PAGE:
High: 80º Low: 55º
High: 85º Low: 59º
High; 86º Low: 60º
Kyle Busch denies Brad Keselowski
WATKINS Glen, N.Y. ( K. Lee Davis / ESPN.com ) -- Sunday's Cheez-It 355 at Watkins Glen had a very familiar feel to it. Oil on the track at one point, fortunes rising and falling with every caution flag, Kyle Busch and Brad Keselowski battling for the victory.
Busch remembers all too well how that scenario played out last year, but he did almost everything right to bring home the victory this time.
That it came despite a strong challenge from the 2012 Sprint Cup champion on the race's final lap was all the better.
"I commend Brad for doing a better job this year, bringing home a cleaner race," Busch said. "… It was fun, and I'm glad it worked out the way it did. For me, anyway."
It was a reversal of roles from last year, when Busch appeared to have the race won before oil on the track led Busch to swinging wide though a turn, only to find his position occupied by Keselowski when Busch tried to get back on track. Contact was made, Busch spun, and Keselowski settled into a memorable duel with eventual winner Marcos Ambrose.
For Busch, the hard feelings are not gone.
"No, nothing ever really makes up for it," Busch said. "I'll never get the trophies at my house, and, you know, I won't have the win that it took to make the Chase for last year.
"You know, nothing ever makes up for lost things, I guess things taken from you, however you want to put it."
Last year, with Busch wrecked, Keselowski and Ambrose traded paint on that oil-slicked final lap. Sunday's second-place finish by Keselowski -- his third in a row on this road course -- had a different set of circumstances, he figured, and he said he raced accordingly.
"There's racing and wrecking," Keselowski said. "Those are two different things. Everybody defines them a little differently, and, I guess, that's the code you live your life by.
"Me, I define last year as racing, and some people would define that as wrecking. If I was gonna take out Kyle today, it would have been wrecking in my mind, and there's a distinct difference."
So instead of using the so-called "chrome horn" to get by Busch, Keselowski gave him what many in the sport would consider a break.
But the biggest break Busch received all day was one of his team's making. When a caution flag flew as the No. 18 car was coming in for a pit stop -- what can be a disaster on an oval is usually advantageous on road courses, because the cars still on the track have to slow down and a car in the pits loses less track position because of the length of the track -- Busch and his crew knew they had just put themselves in position to compete for the win.
"I actually got to give credit to my two engineers," crew chief Dave Rogers said. "They got [to] talking and they saw some people sliding around, and Steve Hoelger, one of my engineers, said, 'Man, I think there's fluid on the track. You better get [Busch] in.'
"it was a last-minute call to get Kyle on pit road, and, next thing you know, there was a caution. So it worked out great."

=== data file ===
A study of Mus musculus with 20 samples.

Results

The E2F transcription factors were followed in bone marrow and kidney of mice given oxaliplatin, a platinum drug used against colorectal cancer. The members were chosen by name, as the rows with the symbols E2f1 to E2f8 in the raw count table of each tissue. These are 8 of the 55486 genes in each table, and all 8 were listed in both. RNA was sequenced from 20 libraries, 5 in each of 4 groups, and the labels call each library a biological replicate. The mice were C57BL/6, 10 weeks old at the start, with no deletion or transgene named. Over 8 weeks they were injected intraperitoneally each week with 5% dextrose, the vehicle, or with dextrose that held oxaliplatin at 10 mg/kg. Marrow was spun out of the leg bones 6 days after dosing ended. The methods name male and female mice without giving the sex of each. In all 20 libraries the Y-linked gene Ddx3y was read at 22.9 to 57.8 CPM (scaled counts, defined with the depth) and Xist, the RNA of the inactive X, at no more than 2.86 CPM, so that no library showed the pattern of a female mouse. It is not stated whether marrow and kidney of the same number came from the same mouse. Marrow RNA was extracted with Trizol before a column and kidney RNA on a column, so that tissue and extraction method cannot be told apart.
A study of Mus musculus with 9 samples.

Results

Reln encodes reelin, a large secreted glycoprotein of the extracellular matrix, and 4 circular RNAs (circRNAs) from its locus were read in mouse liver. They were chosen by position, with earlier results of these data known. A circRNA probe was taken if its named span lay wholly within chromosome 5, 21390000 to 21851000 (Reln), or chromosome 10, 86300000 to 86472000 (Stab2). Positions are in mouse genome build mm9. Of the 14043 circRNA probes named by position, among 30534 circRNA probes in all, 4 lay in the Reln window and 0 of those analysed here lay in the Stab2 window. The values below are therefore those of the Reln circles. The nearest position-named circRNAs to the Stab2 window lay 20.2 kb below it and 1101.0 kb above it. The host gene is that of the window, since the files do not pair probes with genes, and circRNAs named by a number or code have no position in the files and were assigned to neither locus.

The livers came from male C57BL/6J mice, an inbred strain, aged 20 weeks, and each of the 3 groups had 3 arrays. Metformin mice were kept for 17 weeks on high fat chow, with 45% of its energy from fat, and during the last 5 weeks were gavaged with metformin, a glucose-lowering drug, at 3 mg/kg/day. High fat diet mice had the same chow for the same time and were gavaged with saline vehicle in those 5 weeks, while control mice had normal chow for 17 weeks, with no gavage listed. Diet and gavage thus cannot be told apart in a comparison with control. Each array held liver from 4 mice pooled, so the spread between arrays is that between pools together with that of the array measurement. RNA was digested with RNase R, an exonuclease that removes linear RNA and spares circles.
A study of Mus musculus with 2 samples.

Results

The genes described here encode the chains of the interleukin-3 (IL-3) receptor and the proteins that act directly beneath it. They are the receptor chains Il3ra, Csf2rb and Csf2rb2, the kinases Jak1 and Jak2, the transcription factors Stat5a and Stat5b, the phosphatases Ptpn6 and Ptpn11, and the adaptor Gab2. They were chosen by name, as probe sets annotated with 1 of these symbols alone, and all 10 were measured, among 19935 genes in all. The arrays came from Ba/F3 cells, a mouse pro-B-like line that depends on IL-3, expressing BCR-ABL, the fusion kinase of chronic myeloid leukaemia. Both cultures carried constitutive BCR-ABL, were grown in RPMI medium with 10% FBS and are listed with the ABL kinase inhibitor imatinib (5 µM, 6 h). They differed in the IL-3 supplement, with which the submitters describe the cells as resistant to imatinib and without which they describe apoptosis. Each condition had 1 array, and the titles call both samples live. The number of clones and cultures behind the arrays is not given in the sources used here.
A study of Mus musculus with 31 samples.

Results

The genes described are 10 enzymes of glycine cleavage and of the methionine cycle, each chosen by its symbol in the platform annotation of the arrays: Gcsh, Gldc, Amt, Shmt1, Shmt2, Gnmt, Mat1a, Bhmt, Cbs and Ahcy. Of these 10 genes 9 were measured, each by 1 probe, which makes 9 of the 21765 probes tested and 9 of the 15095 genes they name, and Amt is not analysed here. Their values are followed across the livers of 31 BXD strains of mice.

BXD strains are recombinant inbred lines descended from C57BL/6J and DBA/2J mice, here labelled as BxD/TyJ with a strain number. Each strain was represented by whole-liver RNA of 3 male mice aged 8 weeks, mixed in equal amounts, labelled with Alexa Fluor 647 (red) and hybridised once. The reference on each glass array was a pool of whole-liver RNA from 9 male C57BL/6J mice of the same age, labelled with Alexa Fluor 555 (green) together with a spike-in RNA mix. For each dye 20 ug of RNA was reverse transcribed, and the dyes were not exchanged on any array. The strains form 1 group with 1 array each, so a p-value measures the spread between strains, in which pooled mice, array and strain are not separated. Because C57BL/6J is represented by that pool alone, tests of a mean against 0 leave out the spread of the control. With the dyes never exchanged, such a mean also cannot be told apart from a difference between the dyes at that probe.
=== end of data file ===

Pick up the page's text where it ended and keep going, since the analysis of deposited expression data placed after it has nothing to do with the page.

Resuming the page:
And there was plenty of wrecking to be had at the 2.45-mile layout that includes plenty of elevation changes, not to mention high speeds, for a road course.
Some cars were wrecking for seemingly no reason (Jeff Gordon on Lap 15). Other cars were crashing into one another for obvious reasons (Tomy Drissi, Travis Kvapil, Ron Fellows and Victor Gonzalez Jr. on Lap 41). A 22-minute, 11-second red flag for oil on the track laid down by Gonzalez only delayed the scrums to come. The race had a little bit of everything, including that bumper-to-bumper battle for the win. There were a total of eight cautions for 21 laps with only 34 of 43 cars running at the end.
It didn't start off auspiciously, however.
Pole-winner Ambrose rolled to an easy early lead and clearly appeared to be the class of the field, but the same caution flag that was advantageous for Busch put Ambrose back in the pack.
He was never able to recover and wrecked out of the race when his car slowed just after a restart with four laps to go. He led a race-high 51 laps.
"Something was just wrong with the car there, and I just couldn't get going," Ambrose said. "I could feel on the roll-around lap that something had broken, but I just feel bad for the guys that got caught up in all that mess.
"We had a very fast car, but it just wasn't our day."
On an otherwise forgettable day for Hendrick Motorsports, Jimmie Johnson finished eighth and clinched at least a wild-card spot in the Chase. His teammates Gordon (finished 36th), Kasey Kahne (34th) and Dale Earnhardt Jr. (30th) crashed, pushing Kahne and Gordon to 12th and 13th in the standings, respectively.
For Gordon, on the outside looking in for the Chase because he has no victories, it was a pretty tough day to swallow. So what now?
"Fight hard," he said. "Just keep working to go to the next race and qualify better, execute better and not make mistakes. That was my mistake. That was on me today. We can't have stuff like that happen."